The Sugar Engineers

Sugar Factory Tubes for Heating, Evaporating and Crystallising

Some desirable characteristics of tubes for juice heaters, evaporators and pans are

The choice material is between:

In practice the choice is between mild steel, 304 stainless steel or 439 stainless steel. 304 for shorter tubes and 439 for longer tubes. Carbon steel is not recommended because in the long run (a period of say 20 years) carbon steel tubes work out more expensive (Watkins and Bartholemew, Development of Low Cost Carbon Steel Tube for Sugar Mill Evaporators in South Africa, SASTA 1998, pg 72)

Carbon Steel

If it is decided that carbon steel tubes are to be used the recommended specification is BS3605 Gr 320

304 Stainless

This grade of stainless steel can be used where the tube length is less than three metres. The coefficient of thermal expansion for 304 is 1.8×10-2 mm/m/°C which is substantial more than that of carbon steel. When the vessel is hot the thermal stresses in the tubes will be high. Tubes of 304 stainless steel should always be annealed after welding.

439 Stainless Steel

ASTM TP439 is a titanium stabilised ferritic grade of stainless steel (17-19% Cr) which is recommended for long evaporator or pan tubes (in excess of 5m long)

Advantages of grade 439

Stress corrosion cracking

This type of corrosion occurs when

In an evaporator, pan or juice heater under the above conditions the result will be cracks leading to breakage in the area near the tube plate.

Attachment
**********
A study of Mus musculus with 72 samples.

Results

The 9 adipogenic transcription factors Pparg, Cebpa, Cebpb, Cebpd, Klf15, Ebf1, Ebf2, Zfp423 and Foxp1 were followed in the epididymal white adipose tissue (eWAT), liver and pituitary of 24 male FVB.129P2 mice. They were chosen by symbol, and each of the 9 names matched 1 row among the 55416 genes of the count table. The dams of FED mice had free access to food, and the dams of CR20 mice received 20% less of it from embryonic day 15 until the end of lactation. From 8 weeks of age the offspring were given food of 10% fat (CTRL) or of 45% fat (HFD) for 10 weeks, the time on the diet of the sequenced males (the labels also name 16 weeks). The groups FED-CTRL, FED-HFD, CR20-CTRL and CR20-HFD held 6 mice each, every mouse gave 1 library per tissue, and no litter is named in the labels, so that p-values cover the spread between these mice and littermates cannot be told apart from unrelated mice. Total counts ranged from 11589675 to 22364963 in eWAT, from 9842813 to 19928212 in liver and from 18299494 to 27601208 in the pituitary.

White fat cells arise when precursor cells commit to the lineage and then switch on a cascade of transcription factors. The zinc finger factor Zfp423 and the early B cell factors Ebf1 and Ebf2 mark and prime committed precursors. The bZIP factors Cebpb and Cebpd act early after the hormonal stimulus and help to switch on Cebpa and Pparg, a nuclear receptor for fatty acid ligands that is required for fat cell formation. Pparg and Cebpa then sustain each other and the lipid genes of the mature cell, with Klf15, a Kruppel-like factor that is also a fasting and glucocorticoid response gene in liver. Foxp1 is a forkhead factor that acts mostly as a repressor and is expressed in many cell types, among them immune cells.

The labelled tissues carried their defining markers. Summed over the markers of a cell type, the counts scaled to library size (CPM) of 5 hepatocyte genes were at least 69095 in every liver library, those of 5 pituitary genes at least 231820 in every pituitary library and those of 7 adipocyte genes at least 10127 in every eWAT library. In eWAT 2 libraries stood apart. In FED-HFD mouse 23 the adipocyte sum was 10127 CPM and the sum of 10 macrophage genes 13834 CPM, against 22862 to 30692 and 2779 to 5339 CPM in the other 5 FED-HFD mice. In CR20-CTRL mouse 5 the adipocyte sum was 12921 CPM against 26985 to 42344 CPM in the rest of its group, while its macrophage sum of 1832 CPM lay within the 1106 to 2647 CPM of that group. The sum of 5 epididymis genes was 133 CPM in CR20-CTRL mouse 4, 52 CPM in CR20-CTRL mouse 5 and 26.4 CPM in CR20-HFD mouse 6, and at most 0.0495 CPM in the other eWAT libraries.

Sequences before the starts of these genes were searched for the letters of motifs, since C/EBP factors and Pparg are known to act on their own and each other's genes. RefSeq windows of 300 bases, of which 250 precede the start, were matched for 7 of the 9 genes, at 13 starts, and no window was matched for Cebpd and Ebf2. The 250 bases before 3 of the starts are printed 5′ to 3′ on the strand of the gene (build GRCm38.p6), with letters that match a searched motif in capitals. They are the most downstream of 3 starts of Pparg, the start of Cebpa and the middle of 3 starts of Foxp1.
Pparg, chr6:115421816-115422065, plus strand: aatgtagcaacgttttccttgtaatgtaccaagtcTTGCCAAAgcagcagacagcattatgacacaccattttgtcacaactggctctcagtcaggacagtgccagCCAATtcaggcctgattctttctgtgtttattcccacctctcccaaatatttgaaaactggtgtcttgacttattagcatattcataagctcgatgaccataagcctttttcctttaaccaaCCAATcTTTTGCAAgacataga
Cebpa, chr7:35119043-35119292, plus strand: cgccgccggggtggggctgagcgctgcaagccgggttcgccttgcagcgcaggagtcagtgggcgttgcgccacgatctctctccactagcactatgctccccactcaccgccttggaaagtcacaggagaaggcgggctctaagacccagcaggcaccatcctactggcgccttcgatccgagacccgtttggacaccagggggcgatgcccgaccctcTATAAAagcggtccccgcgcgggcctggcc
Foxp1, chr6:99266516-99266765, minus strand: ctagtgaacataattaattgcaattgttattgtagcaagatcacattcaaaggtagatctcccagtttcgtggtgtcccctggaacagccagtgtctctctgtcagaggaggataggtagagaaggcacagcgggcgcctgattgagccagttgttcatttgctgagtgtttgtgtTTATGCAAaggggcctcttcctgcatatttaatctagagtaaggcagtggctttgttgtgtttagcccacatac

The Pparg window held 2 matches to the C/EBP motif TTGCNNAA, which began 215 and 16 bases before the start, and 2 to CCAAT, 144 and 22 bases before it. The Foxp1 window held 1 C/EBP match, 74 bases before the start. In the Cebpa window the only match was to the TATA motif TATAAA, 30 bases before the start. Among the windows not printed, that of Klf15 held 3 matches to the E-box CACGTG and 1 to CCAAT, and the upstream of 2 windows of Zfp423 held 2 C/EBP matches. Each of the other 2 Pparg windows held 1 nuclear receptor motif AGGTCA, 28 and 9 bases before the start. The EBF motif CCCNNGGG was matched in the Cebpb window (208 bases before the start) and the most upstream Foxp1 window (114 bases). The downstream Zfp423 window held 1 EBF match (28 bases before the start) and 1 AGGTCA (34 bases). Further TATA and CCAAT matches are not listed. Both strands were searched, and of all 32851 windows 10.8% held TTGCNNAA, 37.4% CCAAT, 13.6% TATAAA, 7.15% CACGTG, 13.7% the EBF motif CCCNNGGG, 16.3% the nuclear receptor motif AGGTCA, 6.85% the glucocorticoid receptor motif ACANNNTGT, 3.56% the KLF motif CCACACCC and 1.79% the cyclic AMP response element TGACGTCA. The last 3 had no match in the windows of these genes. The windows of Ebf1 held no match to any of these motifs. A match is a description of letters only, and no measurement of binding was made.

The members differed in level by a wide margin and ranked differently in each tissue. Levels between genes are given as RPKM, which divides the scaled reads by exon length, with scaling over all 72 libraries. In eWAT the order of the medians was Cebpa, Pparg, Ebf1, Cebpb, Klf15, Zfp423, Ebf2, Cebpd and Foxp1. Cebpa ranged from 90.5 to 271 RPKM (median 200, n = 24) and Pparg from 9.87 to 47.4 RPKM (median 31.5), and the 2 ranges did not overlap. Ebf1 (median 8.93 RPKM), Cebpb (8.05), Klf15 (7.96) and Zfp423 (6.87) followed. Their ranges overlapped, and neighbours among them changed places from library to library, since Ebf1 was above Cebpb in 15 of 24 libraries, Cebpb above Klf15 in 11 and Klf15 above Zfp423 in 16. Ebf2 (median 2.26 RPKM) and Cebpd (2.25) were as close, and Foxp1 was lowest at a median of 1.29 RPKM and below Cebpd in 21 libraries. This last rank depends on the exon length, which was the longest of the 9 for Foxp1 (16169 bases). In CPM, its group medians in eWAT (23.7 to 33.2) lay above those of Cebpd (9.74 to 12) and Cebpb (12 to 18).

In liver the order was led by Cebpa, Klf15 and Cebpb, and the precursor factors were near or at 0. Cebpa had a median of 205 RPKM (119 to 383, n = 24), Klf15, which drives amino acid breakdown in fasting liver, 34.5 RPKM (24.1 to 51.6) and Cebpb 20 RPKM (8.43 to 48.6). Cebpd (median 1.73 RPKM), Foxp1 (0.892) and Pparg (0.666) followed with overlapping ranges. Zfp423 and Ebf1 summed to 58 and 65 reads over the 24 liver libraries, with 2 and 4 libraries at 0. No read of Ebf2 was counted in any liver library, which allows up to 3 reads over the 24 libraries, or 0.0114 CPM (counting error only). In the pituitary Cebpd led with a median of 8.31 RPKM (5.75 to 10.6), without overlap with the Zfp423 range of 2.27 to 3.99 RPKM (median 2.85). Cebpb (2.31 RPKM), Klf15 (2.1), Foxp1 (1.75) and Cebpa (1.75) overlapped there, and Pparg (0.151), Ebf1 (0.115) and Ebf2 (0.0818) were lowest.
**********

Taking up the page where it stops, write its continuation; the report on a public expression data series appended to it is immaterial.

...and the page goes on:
The danger of stress corrosion cracking exists in virtually all evaporators. The risk will be higher if tubes over 7 metres in length (some designs of continuous pans, falling-film evaporators and Kestner evaporators). Ferritic stainless steels are immune to stress corrosion cracking

Heat transfer

Thermal conductivity of ferritic stainless material is 40% higher than that of austenitic grades (like 304, 304L, 316 or 316L) i.e.: 26 vs 15 watt/metre/°C.

Recommended Wall Thickness

For evaporators and heaters, with tube length less than five metres a wall thickness of 1.2 mm is acceptable, for tubes longer than five metres a wall-thickness of 1.50 mm is quite sufficient (even on longer lengths up to 11 m) Tubes with 2.0 mm would be harder to swage into the holes and would require a 600°C pre-heating of tube ends.

Wall-thickness 1.6 or 1.75 mm are recommended for those tubes located near steam-entrance and subject to some vibration during the process.

For vacuum pans with 100 mm diameter tubes the recommended wall thickness is 1.5 or 1.6mm.

Allow 0.6 mm clearance between tube and plate.